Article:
Property Rights in a Social and Ecological Context: Case Studies and Design Applications, Volume 94

World Bank Publications, Jan 1, 1995 - Business & Economics - 206 pages

Page 100 - It is defined here as a cumulative body of knowledge and beliefs, handed down through generations by cultural transmission, about the relationship of living beings (including humans) with one another and with their environment [Berkes, 1993b].
Page 5 - The environmental view of sustainable development focuses on the stability of biological and physical systems. Of particular importance is the viability of subsystems that are critical to the global stability of the overall ecosystem. Protection of biological diversity is a key aspect. Furthermore, 'natural...
Page 5 - meeting the needs of the present generation without jeopardizing the ability of future generations to meet their needs," must be elaborated further, for practical application (World Commission on Environment and Development 1987).
Page 16 - Following a survey of the technological options of control, the control authority selects a favored control technology and calculates the amount of discharge reduction achievable by that technology as the basis for setting the emission or effluent standard. Technologies yielding larger amounts of control (and hence supporting more stringent standards...
Page 17 - Prior to this policy no new firms were allowed to enter nonattainment areas on the grounds they would interfere with attaining the ambient standards. By introducing the offset policy EPA allowed economic growth to continue while insuring progress toward attainment. The bubble policy receives its unusual name from the fact that it treats multiple emission points controlled by existing emitters...
Page 63 - Jenkins of the World Environment and Resources Program of the John D. and Catherine T. MacArthur Foundation.
Page 16 - In the limited space permitted by this paper only a few highlights can be illustrated. All of the details of the proofs and the empirical work can be found in the references listed at the end of the paper. For a comprehensive summary of this work see Tietenberg...
Page 25 - This is an important finding because it provides the motivation for introducing a reform program; the potential social gains (in terms of reduced control cost) from breaking away from the status quo are sufficient to justify the trouble. Although the estimates of the excess costs attributable to a...
Page 17 - ... review process (including the need to acquire offsets) so long as any net increase in emissions (counting any ERCs earned elsewhere in the plant) is below an established threshold. Insofar as it allows firms to escape particular regulatory requirements by using ERCs to remain under the threshold which triggers applicability, netting is more properly considered regulatory relief than regulatory reform. Emissions banking allows firms to store certified ERCs for subsequent use in the offset, bubble...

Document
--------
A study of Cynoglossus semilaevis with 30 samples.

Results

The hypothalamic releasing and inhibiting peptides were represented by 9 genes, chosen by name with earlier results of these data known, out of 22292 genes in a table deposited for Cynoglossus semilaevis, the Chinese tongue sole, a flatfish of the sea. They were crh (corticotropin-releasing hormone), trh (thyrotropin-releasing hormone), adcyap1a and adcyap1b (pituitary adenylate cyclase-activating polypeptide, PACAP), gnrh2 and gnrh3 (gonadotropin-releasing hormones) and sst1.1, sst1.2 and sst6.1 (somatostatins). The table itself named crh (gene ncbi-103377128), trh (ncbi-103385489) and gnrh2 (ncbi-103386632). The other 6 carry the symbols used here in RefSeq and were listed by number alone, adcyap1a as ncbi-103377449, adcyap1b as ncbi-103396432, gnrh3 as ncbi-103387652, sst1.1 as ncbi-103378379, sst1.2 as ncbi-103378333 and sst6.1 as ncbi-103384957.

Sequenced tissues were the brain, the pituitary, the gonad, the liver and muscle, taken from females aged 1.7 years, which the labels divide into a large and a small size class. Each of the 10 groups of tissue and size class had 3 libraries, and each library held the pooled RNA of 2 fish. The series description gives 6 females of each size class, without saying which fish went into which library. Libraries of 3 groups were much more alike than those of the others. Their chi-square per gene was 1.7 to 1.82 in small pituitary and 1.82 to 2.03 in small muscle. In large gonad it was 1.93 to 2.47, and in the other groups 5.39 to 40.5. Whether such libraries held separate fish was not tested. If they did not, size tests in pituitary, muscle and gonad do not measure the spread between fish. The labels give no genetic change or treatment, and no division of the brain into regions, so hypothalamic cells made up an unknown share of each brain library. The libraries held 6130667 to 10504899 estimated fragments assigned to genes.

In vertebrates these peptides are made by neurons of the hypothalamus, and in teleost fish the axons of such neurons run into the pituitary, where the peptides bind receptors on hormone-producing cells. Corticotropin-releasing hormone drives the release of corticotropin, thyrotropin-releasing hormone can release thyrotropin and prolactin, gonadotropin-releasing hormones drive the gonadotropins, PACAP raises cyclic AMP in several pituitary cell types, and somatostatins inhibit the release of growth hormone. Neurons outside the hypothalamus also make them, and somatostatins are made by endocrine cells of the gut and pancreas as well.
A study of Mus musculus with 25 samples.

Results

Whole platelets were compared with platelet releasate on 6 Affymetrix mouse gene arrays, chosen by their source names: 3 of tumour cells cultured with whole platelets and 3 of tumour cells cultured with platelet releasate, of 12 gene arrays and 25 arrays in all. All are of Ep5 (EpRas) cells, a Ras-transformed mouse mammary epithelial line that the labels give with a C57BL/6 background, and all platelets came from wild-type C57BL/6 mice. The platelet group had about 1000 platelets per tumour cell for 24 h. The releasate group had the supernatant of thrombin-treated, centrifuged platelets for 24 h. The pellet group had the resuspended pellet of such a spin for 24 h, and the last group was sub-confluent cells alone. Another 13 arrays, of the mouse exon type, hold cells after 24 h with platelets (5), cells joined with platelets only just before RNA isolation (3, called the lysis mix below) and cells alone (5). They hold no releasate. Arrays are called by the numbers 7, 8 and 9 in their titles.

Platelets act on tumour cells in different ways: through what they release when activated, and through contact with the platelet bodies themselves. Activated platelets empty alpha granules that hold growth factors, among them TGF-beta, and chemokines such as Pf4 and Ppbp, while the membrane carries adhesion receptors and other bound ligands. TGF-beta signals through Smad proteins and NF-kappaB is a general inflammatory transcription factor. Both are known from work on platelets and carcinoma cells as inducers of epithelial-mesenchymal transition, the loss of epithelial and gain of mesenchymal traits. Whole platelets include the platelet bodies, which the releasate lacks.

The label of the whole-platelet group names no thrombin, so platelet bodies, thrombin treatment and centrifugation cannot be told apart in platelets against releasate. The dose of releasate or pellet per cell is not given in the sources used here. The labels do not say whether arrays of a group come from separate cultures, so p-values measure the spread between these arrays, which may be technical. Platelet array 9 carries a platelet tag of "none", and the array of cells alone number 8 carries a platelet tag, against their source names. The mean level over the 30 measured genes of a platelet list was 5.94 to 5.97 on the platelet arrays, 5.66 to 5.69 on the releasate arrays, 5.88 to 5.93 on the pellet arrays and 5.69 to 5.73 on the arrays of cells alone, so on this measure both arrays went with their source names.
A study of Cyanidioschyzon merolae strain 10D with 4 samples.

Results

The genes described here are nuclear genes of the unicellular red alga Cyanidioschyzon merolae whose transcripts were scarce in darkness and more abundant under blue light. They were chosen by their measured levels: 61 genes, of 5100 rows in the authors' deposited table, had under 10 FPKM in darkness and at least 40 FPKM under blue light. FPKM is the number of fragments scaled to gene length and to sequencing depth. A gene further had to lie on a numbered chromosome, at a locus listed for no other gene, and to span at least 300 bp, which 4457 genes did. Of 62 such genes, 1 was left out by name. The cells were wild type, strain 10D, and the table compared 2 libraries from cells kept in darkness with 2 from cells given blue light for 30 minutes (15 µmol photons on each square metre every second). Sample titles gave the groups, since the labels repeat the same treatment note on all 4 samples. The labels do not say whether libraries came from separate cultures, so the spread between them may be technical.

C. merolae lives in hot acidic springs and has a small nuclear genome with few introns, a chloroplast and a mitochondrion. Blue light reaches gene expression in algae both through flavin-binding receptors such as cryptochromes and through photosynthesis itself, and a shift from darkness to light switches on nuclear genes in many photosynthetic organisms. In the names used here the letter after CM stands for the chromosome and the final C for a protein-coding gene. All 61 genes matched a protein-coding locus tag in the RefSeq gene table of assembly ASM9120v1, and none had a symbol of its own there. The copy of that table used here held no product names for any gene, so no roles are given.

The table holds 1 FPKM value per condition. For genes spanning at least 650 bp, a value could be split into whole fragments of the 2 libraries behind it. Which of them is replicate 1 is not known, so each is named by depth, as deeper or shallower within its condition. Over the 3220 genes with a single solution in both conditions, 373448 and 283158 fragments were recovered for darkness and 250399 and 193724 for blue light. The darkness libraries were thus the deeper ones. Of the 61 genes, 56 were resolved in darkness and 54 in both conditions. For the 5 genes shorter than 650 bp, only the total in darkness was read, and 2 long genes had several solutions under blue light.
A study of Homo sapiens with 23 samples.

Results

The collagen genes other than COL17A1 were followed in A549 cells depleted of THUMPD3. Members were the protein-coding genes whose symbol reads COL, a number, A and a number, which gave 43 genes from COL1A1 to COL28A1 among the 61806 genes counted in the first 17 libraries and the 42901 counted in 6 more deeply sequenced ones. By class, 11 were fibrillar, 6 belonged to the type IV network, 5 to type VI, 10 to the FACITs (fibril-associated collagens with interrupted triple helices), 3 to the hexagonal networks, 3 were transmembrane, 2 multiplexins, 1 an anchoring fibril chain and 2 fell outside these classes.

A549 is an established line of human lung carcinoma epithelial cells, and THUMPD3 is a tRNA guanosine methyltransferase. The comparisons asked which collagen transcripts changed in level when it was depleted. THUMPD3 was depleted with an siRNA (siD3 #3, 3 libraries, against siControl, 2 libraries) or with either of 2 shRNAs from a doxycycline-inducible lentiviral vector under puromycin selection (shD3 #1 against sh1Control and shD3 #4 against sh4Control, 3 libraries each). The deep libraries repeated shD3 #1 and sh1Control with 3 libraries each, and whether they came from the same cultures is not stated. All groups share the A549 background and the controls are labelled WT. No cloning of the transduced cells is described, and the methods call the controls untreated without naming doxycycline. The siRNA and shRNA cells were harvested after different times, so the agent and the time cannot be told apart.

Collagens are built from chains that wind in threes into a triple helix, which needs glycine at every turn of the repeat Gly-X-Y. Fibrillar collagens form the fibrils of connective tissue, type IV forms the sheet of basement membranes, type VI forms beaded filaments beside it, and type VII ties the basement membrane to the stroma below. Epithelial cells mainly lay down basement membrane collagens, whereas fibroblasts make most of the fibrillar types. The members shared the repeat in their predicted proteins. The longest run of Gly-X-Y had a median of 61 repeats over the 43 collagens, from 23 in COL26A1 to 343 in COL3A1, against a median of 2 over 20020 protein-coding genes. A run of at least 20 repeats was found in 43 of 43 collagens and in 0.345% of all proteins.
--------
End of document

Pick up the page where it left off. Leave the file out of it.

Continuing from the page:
An outstanding authority and author in energy economics and international development, Mohan Munasinghe received his undergraduate education in engineering at Cambridge University and went on to McGill University, receiving a Ph.D. in electrical engineering in 1973. He then turned his attention to economics, receiving an M.A. at Concordia College (Montreal) in 1975. Since that year, he has been division chief for environmental policy at the World Bank in Washington, D.C. His work at the World Bank has related to projects in developing countries concerning energy, electricity, transportation, water, urban infrastructures, and telecommunications. He has been a prolific author, writing nearly 200 technical papers and numerous books and monographs. In addition, Munasinghe has been active in the affairs of his native country, Sri Lanka, where he has served as senior energy advisor to the president, a board member of the Natural Resources, Energy, and Science Authority, governor of the Arthur Clarke Center for Modern Technologies, and founder of the Energy Managers Association. He is a fellow of the National Academy of Sciences of Sri Lanka, the Institution of Electrical Engineers (UK), and the Institute of Engineers of Sri Lanka. Munasinghe's honors include the Surha Gold Medal, 1985 (Lions International); International Award, 1987 (International Association of Energy Economists); and the Prize for Outstanding Contribution, 1988 (Fifth Latin American and Caribbean Conference on Power and Energy).